Spattering is a term which means spraying small droplets of paint onto the canvas. Spatter techniques in oil paintings can be applied to create a sense of mist, fog, ocean spray, or random wildflowers. I first became familiar with the use of spatter years ago with watercolor paint and nowadays I at times experiment with its use with oil paints. Oils have a thicker consistency and do not spray as easily as paint mixed with water.
Around my Soquel Studio this spring, I found the forget-me-nots under the oaks and the wild calendula with daffodils interspersed. These inspired an 18×18 painting, Hillside Wildflowers, in which I used several spatter techniques to present the wide spread of wildflowers. I began the process by mixing up a slurry using a cad yellow gold for my field of calendulas. I used walnut alkyd mixed with gamsol 1:1, to thin the paint. Getting the viscosity (stiffness) of the slurry just right is important, but that “right” viscosity will vary for different techniques of applying the spatter, as well as for different effects such as droplet size and symmetry or asymmetry of the droplets. To get the effects I wanted, I experimented around by spattering onto an old canvas panel.
I masked off areas of my canvas that I wanted to keep the spray off of, using wax paper from the kitchen. Other papers would work as well as long as they absorb the oil paint and do not let it penetrate to the canvas.
A stiff bristle brush and an old tooth brush each gave a random spray of paint onto the canvas. I could control it a bit by using a rag to lift off paint in areas where I didn’t intend it to land. Next I used a piece of fine metal screen, like used for window screens, mounted on a frame. I brushed paint onto the screen, positioned it over the location I wanted to spray, then flicked the screen, sending paint down onto the surface of the canvas. I used a natural sponge to create clusters of gold. If you find other tools work well for you to get this random pattern of spots, do share! Click the close-up image to watch my YouTube video demonstrating and discussing spatter techniques in the making of this painting. (Or visit my Videos Page.)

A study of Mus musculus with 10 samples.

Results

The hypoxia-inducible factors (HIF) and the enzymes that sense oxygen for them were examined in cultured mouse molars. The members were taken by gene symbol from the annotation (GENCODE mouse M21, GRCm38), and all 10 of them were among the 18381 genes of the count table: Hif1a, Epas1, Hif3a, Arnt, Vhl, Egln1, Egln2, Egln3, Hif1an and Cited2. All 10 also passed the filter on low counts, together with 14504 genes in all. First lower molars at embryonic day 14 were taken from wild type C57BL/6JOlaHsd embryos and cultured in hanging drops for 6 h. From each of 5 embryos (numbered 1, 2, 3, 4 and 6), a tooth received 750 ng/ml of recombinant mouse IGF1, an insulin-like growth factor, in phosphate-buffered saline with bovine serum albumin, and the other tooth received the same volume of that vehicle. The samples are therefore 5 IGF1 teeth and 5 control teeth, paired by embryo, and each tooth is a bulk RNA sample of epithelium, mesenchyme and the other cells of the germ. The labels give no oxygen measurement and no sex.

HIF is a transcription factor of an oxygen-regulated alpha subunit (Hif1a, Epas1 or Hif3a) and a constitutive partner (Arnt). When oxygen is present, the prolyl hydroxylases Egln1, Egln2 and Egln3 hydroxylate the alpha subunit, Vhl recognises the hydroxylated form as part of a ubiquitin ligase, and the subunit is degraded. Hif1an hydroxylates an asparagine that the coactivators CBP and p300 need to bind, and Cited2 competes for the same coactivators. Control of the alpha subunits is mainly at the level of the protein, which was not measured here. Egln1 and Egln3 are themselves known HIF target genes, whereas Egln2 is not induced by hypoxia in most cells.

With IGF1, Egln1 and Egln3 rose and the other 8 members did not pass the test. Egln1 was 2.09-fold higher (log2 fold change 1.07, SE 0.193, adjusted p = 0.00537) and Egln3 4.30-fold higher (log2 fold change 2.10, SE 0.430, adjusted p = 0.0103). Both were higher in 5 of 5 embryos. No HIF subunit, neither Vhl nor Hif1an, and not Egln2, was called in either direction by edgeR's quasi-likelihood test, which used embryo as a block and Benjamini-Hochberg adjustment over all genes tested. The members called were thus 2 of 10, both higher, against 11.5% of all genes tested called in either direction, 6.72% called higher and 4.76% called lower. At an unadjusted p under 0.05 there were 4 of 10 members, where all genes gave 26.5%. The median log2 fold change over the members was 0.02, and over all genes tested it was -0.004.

Here is the painting in progress with calendulas and some marking for where the daffodils will go. I next used spatter for the forget-me-nots that are under the oaks. I tied the foreground and background together with a mix of gold and light yellow. I have waited for each color to dry before applying the next. I built up the layers and evaluated each step, in order for the colors to not run together. Blue into gold will make a green, and I want to keep these colors distinct.
I find being quarantined creates time for experimentation.
The painting is now complete, and is available in my online store.
Just to add a point (pun intended), spatter is one of a variety of techniques which may be discussed in my upcoming class series on Painting the Landscape. The weekly classes will be held in my Soquel, CA studio. Read about the classes here.
I hope you are enjoying painting Tex. The weather here has been dry but fine for coastal landscapes. Wildflowers not as prolific this year. Perhaps the drought. Spatter also requires the right brush. Sometimes I find the right brush which will not work at another time. They get clogged with paint. I have a box of old brushes that I keep just for experimentation.
I think you are right about getting the viscosity just right. I need to get some oil paintings for my house. I’ll have to buy some paintings with bright colors.